Type 2 Diabetes + the Circadian Clock: Does Timing of Exercise Matter?
Coverage of the American Diabetes Association (ADA) Scientific Sessions is brought to you by the ADA x BT1 Collab.
Speakers for this session, “Zeitbergers (Time-keepers) of Metabolic Health–Resetting the Circadian Clock,” included: Joseph (Joe) Bass, MD, Ph.D. (Northwestern University Feinberg School of Medicine), Dongyin Guian, Ph.D. (Baylor College of Medicine), Kristin Eckel-Mahan, Ph.D. (University of Texas Health Science Center), Juleen R. Zierath, Ph.D. (Karolinska Instituet) and Lisa Chow, MD, MS (University of Minnesota).
In this article, we focus on the research presented by Juleen R. Zierath.
Scientists credited throughout her part of the presentation at ADA 2022 included: Paolo Sassone-Corsi, John A. Hawley, Harriet Wallberg-Henriksson, Anna Krook and their respective teams.
Juleen R. Zierath is a biologist who studies the cellular mechanisms that impact insulin resistance. Her team focuses on insulin sensitivity, metabolic levels and how muscles use oxygen throughout the day. They explore how these levels shift in people with diabetes, metabolic impairments, or obesity.
What is the circadian clock?
In one of the studies presented, researchers were interested in understanding how synchronizing exercise and diet to your circadian clock (essentially, the body’s internal clock) may alter genes and metabolism—particularly “Mitochondria convert chemical energy from the food we eat into an energy form that the cell can use.” (Medical News Today)mitochondrial function and glucose metabolism.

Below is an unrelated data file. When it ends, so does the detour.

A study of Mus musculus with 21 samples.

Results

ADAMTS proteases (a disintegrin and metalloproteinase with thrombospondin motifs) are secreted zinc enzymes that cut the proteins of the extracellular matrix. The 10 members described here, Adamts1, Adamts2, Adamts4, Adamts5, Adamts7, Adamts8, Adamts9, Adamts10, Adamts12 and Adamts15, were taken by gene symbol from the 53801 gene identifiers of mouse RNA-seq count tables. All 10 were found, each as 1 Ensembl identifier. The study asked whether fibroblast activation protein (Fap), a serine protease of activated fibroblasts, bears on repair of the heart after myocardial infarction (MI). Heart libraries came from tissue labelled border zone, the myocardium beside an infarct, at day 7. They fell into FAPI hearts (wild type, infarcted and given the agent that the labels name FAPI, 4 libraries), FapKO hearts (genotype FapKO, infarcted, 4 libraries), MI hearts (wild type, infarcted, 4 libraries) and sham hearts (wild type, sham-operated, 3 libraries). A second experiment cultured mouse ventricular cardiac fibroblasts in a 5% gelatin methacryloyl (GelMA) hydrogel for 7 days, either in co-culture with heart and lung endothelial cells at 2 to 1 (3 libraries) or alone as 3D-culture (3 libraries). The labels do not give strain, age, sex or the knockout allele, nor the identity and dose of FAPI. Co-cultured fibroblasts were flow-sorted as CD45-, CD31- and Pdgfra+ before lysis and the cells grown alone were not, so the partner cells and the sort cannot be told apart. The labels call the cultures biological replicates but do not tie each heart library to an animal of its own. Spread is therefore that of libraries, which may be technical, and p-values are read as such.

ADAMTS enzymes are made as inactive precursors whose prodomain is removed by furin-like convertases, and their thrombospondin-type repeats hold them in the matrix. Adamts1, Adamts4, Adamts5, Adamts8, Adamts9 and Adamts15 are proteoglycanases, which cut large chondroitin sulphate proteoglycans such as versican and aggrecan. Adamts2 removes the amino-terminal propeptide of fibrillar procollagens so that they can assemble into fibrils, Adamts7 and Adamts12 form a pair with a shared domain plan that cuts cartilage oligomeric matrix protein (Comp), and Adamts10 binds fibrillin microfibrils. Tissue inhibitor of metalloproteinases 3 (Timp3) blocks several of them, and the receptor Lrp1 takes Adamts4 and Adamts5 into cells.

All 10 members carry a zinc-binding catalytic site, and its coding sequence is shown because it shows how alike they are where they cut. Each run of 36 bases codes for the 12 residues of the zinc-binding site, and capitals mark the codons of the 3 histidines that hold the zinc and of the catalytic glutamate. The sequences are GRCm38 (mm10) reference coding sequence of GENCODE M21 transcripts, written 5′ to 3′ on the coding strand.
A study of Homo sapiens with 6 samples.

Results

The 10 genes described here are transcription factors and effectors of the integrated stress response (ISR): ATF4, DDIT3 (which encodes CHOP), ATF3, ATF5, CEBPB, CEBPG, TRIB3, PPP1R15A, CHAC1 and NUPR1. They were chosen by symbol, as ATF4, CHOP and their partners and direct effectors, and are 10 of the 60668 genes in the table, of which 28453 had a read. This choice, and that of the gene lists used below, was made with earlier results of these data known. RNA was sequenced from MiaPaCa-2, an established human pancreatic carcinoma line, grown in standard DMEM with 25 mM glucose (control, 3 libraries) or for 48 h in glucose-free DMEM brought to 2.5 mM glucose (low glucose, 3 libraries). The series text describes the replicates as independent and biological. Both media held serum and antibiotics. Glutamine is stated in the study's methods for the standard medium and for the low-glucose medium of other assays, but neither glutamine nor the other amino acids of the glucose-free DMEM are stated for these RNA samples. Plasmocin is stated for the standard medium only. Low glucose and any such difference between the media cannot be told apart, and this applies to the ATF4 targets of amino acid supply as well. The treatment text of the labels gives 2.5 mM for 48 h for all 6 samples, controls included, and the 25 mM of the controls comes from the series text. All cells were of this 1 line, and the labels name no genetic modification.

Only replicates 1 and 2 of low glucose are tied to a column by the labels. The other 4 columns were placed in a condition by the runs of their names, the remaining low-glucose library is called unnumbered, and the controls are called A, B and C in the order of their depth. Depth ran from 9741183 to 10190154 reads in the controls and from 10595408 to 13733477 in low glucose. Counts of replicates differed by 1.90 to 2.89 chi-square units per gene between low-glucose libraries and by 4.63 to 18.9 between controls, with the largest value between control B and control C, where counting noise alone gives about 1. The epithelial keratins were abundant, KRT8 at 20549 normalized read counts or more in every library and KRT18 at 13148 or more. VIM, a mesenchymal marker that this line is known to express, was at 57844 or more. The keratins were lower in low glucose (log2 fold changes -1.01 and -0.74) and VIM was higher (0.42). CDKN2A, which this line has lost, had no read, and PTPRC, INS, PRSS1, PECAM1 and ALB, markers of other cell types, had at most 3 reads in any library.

A circadian clock or rhythm is “physical, mental and behavioral changes that follow over a 24-hour cycle.” Circadian clocks and rhythms are natural processes that most living things experience.
The impact of exercise on glucose levels
Researchers examined whether exercising at different times of day affects blood sugar levels. Specifically, they were interested to see if certain times of day were associated with less rise in blood sugar levels after exercise. They first analyzed glucose levels throughout the day using a continuous glucose monitor (CGM) in men with type 2 diabetes against a control group.
“Exercise has an insulin-independent effect on glucose metabolism,” Zierath explained.
Results: exercising in the morning vs. afternoon
Researchers found that blood glucose dropped when the men performed exercise training in the afternoon. However, morning exercise was linked to an unexpected rise in blood glucose levels.
Data from fat and muscle biopsies, serum and plasma samples showed many changes in proteins associated with glucose metabolism when the men participated in high-intensity cycling in the morning. Whereas, when participants exercised in the afternoon, the data showed changes in mitochondrial metabolism.
Irrespective of the time of day, the training altered many types of “A lipid is any of various organic compounds that are insoluble in water. They include fats, waxes, oils, hormones, and certain components of membranes and function as energy-storage molecules and chemical messengers.” (Britannica)lipids in participants. Training in the morning had a unique effect on the metabolism of carbohydrates.
Timing of exercise matters—even for mice!
Similar studies focused on mice, which gave scientists a good comparison of how exercise and the circadian clock affect animals other than humans. The mice study showed similar results to the one with humans. The mice were trained in early active and rest phases. Though opposite of the human circadian clock, this was still a meaningful comparison.
“When mice were trained at the early active phase, we found changes in metabolism,” Zierath said.
Ketone metabolism, amino acid breakdown, lipid oxidation and more were affected in mice.
Afternoon exercise: a winner for blood glucose levels
Research consistently showed that afternoon training in people with type 2 diabetes or obesity may better affect glucose metabolism overall.
Zierath concluded that “timing of exercise during the day may prove to be valuable therapy for patients with metabolic disorders.”
The bottom line is: Diabetes is complicated and affects everyone uniquely. Exercise is just one tool for diabetes management. Consider experimenting if you are interested in timing your exercise around your circadian rhythm. Click here for tips on exercising safely, healthily and positively with type 2 diabetes.